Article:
Promoting Science, Technology, Engineering and Mathematics (the STEM subjects) to school-aged children is an incredibly important activity if the goal is to generate a more creative and innovative future. Of course the arts are creative and innovative in their own right, but wealth generation that fuels an economy (and in many ways funds art so that it can be enjoyed) is likely to come about through the application of STEM.
And that is where the other E comes in. STEM subjects on their own cannot lead to revenue. It is business acumen that turns a technical invention or scientific discovery into a viable commercial product or service. This relies on a firm understanding of Enterprise, or indeed that of being an Entrepreneur.
With this in mind, I think we are doing students a disservice if we encourage them to think STEM, but don’t teach them about how to commercialise results. Not everyone wants to be a businessman or businesswoman (the Entrepreneur), but appreciating what’s involved and understanding routes to market (Enterprise) that others may follow will help them focus on the overall importance of STEM.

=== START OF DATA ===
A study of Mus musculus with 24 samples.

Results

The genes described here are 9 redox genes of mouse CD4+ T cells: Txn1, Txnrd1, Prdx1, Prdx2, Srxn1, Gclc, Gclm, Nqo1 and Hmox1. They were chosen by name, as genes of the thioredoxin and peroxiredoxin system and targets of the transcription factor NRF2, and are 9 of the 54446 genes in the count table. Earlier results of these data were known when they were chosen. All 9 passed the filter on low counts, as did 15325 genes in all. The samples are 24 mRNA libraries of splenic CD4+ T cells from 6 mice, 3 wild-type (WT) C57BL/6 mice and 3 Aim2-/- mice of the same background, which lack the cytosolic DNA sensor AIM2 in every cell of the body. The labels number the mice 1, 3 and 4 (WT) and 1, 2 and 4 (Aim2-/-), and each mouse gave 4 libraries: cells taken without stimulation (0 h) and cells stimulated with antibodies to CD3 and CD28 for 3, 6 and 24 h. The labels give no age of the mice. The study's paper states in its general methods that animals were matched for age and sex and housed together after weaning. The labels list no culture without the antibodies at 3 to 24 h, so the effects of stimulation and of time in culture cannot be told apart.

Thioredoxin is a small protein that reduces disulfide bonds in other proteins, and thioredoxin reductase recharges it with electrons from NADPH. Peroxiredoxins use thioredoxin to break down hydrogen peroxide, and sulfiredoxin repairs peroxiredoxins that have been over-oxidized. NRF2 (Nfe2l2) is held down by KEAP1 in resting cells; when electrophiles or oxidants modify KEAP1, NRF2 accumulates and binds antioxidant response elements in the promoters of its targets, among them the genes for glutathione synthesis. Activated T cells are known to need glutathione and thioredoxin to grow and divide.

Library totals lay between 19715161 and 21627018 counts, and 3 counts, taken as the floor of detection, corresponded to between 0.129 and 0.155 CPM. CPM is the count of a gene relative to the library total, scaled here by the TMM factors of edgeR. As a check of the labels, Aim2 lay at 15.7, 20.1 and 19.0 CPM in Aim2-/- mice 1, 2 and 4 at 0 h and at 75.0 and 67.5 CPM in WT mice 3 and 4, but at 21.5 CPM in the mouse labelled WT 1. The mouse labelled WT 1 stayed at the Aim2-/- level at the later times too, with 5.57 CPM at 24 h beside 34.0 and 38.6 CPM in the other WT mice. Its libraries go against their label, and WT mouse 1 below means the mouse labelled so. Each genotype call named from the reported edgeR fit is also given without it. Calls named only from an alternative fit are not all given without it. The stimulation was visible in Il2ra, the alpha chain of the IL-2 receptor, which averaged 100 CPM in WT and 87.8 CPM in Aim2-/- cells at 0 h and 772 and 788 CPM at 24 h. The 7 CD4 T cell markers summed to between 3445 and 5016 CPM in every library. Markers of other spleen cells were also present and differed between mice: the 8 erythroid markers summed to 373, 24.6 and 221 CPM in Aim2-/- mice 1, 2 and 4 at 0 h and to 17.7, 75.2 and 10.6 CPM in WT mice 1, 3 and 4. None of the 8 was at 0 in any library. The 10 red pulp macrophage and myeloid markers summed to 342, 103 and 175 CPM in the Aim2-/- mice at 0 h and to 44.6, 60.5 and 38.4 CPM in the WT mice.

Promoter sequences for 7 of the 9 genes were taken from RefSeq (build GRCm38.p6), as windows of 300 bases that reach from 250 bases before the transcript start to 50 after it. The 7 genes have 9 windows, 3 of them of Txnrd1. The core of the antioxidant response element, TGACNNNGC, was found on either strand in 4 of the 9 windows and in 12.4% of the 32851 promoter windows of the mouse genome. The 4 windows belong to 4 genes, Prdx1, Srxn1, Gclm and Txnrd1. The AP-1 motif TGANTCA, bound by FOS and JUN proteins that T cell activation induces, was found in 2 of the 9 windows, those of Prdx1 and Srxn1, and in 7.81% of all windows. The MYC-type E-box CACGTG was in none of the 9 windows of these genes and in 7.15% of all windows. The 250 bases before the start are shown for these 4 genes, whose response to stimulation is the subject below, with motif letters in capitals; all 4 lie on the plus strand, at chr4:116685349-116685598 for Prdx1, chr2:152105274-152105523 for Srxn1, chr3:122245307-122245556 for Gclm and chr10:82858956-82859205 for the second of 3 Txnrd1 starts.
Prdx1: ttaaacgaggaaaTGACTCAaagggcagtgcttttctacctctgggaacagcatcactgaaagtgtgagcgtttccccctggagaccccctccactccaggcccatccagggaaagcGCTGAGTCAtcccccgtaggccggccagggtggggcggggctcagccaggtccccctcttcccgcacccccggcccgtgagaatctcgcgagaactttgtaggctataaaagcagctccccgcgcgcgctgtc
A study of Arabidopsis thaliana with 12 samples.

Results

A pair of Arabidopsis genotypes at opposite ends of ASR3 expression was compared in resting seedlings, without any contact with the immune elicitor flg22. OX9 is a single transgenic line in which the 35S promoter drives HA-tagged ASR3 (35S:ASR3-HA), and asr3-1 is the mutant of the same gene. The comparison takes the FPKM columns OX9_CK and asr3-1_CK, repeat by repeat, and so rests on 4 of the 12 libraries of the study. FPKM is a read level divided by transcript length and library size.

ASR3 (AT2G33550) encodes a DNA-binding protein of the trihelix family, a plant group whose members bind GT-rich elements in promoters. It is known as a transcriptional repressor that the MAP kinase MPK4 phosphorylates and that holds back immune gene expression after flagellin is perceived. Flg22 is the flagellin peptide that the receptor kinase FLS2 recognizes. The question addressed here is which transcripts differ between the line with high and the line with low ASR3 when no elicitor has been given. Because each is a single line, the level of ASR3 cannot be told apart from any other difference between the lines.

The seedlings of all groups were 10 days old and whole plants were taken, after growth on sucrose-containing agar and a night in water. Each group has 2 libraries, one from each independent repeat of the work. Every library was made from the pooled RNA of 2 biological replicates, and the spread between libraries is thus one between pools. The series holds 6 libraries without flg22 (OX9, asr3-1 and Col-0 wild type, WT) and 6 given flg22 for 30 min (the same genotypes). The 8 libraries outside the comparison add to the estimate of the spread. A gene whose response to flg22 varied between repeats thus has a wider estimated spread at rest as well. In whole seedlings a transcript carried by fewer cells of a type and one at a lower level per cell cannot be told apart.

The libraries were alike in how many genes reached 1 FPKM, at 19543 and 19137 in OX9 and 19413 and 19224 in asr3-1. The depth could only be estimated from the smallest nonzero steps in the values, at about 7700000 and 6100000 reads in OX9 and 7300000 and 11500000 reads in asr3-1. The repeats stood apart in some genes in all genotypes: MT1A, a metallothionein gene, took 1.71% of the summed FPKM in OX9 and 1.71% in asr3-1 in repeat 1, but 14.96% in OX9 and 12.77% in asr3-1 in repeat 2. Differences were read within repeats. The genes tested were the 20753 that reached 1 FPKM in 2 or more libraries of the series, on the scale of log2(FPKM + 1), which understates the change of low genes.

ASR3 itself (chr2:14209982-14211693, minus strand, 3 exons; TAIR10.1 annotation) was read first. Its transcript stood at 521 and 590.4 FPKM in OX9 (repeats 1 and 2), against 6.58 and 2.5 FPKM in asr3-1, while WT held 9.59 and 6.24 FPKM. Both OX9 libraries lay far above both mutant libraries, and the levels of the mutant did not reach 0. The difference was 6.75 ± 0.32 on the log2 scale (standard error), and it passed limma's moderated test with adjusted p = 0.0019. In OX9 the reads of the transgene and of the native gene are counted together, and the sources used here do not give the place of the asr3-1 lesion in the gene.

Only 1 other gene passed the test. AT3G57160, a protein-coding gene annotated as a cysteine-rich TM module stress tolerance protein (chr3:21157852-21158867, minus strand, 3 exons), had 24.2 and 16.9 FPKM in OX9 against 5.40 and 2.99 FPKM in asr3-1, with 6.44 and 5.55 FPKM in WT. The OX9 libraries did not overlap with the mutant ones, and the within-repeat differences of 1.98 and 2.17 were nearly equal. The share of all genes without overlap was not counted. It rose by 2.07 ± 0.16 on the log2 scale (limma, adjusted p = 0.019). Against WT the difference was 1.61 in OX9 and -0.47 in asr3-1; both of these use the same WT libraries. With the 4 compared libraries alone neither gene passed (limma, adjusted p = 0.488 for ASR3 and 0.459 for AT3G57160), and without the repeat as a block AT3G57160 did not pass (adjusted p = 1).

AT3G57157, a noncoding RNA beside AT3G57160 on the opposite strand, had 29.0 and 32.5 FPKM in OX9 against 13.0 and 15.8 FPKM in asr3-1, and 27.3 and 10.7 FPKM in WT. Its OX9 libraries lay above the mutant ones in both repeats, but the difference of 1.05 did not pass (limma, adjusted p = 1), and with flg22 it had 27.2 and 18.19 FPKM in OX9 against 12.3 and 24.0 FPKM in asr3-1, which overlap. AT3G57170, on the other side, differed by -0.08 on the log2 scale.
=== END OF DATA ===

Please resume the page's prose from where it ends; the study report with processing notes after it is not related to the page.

At a recent panel session on the subject of STEM skills held in Birmingham as part of the Festival of Science, the point was made that the term ‘knowledge economy’ is an outdated concept. What is needed instead is ‘clever makers or clever builders’. In other words it is not good enough to just think good ideas, but you have to implement them into something tangible, usable and hence valuable. I would add ‘clever exploiters’. I don’t mean exploit in terms of abuse, I mean exploit in terms of capitalise. Yes, I know, another E.
Young Enterprise is an example of a school-based initiative that promotes business thinking in students. But my experience is that YE activities are largely done in isolation of the parallel, and equally good, work of the likes of STEMNet, CodeClub and their ambassadors. Part of the problem being of course that there are few people with experience from both sides of the fence to act as advisors or mentors.
So perhaps we should start promoting the other E in parallel with STEM. Let’s call it Encouraging Science, Technology, Engineering, Enterprise and Maths: ESTEEM. How’s that for creativity?
Adrian Burden, Festival Founder
P.S. Next Generation Innovators, part of the Malvern Festival of Innovation‘s schools outreach programme, will this year be encouraging students to think about innovation in both STEM and Enterprise.